Photo by Renata Platenberg
Amphibians may be the last thing people think of when they visit Canyonlands. However, the park is home to a variety of frogs and toads, as well as one species of salamander. Witnessing a chorus of toads may be one of the most memorable experiences canyon country has to offer. It is an awesome event that can fill a canyon with sound, sometimes for hours. Amphibians are animals that have two life stages: a larval, aquatic form and an adult, terrestrial form. This is the difference between a tadpole and a frog. In Canyonlands, amphibians lay their eggs in the potholes, springs and intermittent streams found throughout the park. Swift currents and predation limit survival during the larval stage in bigger rivers like the Colorado.
Adult amphibians may wander away from water, but usually remain nearby and wait out dry periods in burrows. Breeding (and toad choruses) usually occurs on spring and summer nights after significant rainfall. Male frogs and toads do the vocalizing. Females lay long strings of gelatin-covered eggs which, depending on the species, may hatch within hours. Metamorphosis can take weeks, though the Great Basin spadefoot toad transforms to adulthood in as little as 14 days, the quickest of any amphibian.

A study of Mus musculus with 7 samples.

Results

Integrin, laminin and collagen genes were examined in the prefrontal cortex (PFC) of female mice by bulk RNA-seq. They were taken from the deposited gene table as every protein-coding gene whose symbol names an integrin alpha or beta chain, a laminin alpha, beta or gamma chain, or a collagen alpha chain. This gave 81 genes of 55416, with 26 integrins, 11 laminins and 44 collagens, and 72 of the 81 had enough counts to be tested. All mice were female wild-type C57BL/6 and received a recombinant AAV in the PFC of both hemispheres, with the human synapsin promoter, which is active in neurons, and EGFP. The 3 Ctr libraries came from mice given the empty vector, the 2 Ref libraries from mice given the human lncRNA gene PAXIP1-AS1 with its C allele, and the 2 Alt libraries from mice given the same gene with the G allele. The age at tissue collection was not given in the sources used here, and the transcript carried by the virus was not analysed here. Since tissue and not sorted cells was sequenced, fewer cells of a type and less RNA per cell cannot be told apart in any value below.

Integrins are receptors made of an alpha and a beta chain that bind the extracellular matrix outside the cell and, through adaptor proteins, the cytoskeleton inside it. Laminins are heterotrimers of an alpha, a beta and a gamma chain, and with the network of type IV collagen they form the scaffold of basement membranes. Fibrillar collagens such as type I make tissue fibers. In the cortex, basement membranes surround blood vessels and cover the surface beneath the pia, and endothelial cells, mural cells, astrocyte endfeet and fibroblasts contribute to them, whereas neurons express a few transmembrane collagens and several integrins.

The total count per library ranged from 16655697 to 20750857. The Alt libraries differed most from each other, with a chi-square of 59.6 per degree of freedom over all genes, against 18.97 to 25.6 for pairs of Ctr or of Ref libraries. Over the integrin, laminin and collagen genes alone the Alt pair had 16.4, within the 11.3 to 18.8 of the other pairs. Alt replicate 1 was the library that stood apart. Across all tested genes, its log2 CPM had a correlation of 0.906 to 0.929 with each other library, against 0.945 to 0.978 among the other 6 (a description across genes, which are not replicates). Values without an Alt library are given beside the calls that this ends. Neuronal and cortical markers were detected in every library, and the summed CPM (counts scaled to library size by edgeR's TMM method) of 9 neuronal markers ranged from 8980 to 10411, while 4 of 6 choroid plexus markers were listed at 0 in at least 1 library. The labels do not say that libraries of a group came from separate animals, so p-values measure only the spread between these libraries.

Lately, news headlines nationwide have featured stories about amphibians with strange mutations like extra or missing limbs, even extra heads. Dramatic population decline and even extinction have also become prevalent problems. The reason for these trends is unclear. However, studies indicate that amphibians are sensitive to a variety of environmental problems.
An amphibian’s water-permeable skin makes it very vulnerable to both air and water borne pollutants. Increases in UV radiation may increase mortality of eggs and tadpoles of some species. Also, the metamorphosis between larval and adult stages is a delicate process that can be affected by environmental changes. Finally, since amphibians range over both terrestrial and aquatic territories, changes in either may affect populations.
Because of this sensitivity, amphibians have become “indicator species,” the health of which can be used to measure the health of an ecosystem. Thus far, neither mutations nor population declines have been observed at Canyonlands, but their importance as an indicator species has made preserving amphibian habitat a priority for the National Park Service.
In Canyonlands, amphibian populations are greatest along small perennial streams like those in Horseshoe Canyon near the Maze, and Salt Creek Canyon in the Needles District. To protect park resources, vehicle use in Horseshoe Canyon was prohibited in the 1970s, and vehicle use in Salt Creek Canyon was prohibited in June 1998.